District 3 Lafayette City-Parish Councilman Brandon Shelvin is continuing to shirk his financial obligations, according to yet another lawsuit filed in state district court this week. This time, the bishop of his church and the bishop’s wife have been pulled into Shelvin’s ever-expanding financial crisis.

On Tuesday, Liberty Bank & Trust Co. filed suit against Shelvin, also naming Stanley and Cora Sinegal, claiming Shelvin failed to make an installment payment due Sept. 30, 2009, and has since failed to meet the terms of the note. On March 10, 2008, Shelvin borrowed $70,000, and the Sinegals pledged as collateral property they own at 755 JL Drive in Scott, valued at $100,000.

Stanley Sinegal, who returned a call about 12:45 p.m. today, told the INDsider he was unaware of the lawsuit and did not even know Shelvin was in default on the loan. “This is news to me,” says Sinegal, the bishop of First United Full Gospel Assembly at 400 Saint John St. in Lafayette. Sinegal says the transaction involved his partnership with Shelvin in the used car dealership, Thrifty Way Car Sales. “This was more to finance the vehicles that were being bought from the auction,” Sinegal says. “The dealership went bottom up, but I had no idea it was at this extent,” he adds, cutting the interview short. “I’m going to have to end this, because this is upsetting. I need to make a phone call. ... I’ll get back to you.”

New Orleans-based Liberty Bank & Trust, a minority-owned bank that has a location on South Academy Street in Opelousas, asked the court to seize the property so it can be sold to satisfy the debt, which is now the principal amount of $70,939.75, interest of $1,605.69 accrued last year from Sept. 12-Nov. 30, default interest of $20.20 per day since Sept. 12, 2009, until paid, late fees of $35.18 and court costs and sheriff’s costs associated with the planned sale of the property at 755 JL Drive. The order, a writ of seizure and sale, was signed by the court Tuesday.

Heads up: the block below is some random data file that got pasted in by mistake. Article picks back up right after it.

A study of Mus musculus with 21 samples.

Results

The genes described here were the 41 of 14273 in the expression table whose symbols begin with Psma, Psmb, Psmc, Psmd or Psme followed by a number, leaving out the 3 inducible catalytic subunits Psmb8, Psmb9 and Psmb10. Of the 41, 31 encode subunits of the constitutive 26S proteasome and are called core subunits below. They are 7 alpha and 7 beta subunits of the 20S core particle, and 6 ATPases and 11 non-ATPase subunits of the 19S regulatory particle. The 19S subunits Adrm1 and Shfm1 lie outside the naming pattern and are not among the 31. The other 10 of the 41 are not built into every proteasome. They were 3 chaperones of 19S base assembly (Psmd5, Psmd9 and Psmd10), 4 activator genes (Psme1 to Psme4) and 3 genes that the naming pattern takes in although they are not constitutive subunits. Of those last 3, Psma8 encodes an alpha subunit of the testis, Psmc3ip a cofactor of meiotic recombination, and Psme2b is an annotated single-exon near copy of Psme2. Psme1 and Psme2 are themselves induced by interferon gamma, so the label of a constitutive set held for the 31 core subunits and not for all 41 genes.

If the property does not cover the entire debt, the Sinegals are personally obligated to pay it because they endorsed the note, according to a copy of the promissory note in the lawsuit.

In his biography on Lafayette Consolidated Government’s Web site, Shelvin is listed as an active member of First United Full Gospel Assembly “and played an integral role in the building of the church’s multi-faceted facility.” A source familiar with the church tells the INDsider Shelvin at one time was the church’s minister of music.

Shelvin did not return a voice mail message left on his cell phone this morning.

Read more about Shelvin’s legal and financial troubles in this March 3 Independent Weekly cover story, “The Problem with Brandon Shelvin,” and in this follow-up story.